But what exactly is classed as a digital security risk? In this article we look at the different types of risk under three key areas: Operational, Financial, and Stakeholders.
Malware: Malicious software, such as viruses, ransomware, or spyware, could infiltrate security systems and compromise data integrity, disrupt operations, and steal sensitive information.
Phishing attacks: Fraudulent attempts could be made to deceive employees into revealing sensitive information such as passwords or financial details.
Social engineering: More sophisticated phishing attacks manipulate individuals into revealing confidential information, or even performing actions that will compromise security.
Insider threats: Employees, or those with authorised access to systems, may intentionally, or unintentionally, release confidential data or leak sensitive information.
Distributed Denial of Service (DDoS): These attacks flood a company's network, website, or systems with large amounts of traffic, usually rendering them inaccessible to customers or users.
Business disruption: Each of these attacks can lead to operational impacts, which can cause productivity and revenue losses.
Regulatory and legal: Some incidents could lead to legal actions from affected parties or even regulatory bodies.
Recovery costs: After an attack, a company must invest in remediation efforts to prevent further incidents. Investigations, security measures and potential upgrades of systems are all costly.
Insurance premiums: If a company has cybersecurity insurance, an incident can lead to increased premiums.
Third-party risks: Stakeholders, and the third parties they use, may have weak security measures, and introduce risks to a company’s digital infrastructure.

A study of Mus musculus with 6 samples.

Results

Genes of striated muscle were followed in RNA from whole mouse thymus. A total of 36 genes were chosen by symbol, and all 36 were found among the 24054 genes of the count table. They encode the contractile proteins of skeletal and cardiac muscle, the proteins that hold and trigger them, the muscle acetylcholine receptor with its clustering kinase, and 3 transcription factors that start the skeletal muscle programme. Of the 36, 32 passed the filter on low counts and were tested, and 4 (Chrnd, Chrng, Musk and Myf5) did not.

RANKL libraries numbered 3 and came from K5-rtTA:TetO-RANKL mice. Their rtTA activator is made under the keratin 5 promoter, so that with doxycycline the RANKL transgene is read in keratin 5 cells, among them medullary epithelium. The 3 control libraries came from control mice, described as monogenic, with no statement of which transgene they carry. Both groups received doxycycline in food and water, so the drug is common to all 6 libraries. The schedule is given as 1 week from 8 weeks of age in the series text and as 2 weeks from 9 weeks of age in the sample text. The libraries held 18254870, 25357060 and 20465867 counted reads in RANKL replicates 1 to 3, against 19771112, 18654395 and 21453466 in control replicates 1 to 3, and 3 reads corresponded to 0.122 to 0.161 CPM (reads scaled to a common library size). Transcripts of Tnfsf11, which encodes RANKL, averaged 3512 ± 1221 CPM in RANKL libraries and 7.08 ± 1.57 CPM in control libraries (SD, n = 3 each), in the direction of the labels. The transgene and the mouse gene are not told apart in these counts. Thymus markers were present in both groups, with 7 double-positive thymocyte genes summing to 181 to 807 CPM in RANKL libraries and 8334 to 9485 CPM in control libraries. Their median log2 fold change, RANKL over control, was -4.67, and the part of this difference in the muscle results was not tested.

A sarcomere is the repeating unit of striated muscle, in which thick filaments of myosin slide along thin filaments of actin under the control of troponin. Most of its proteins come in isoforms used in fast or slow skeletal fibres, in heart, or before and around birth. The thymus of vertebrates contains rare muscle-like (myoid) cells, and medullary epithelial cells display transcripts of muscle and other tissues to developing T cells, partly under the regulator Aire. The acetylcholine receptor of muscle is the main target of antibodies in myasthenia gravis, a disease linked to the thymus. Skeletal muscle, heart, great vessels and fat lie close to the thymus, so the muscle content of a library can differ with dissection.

Data sharing or leaks: Stakeholders may intentionally, or unintentionally, share sensitive company data via unsecured channels or not securing devices properly.
Negligence: Stakeholders could be unaware of a company's security policies and not attend mandatory training for employees, leading to greater risks of malware infections.
It is crucial for companies to implement comprehensive security measures, such as firewalls, antivirus software, employee training programmes, strong access controls, regular system updates, and incident response plans to mitigate these operational-level security threats.
In order to move forward with your digital security reporting, you will need to assess your digital preparedness and look to implement frameworks for your reporting, taking multiple areas into consideration. For more information about how to effectively prepare and communicate your digital security reporting, see our reporting guide, Understanding and preparing for digital security reporting, or talk to our team about how we can help.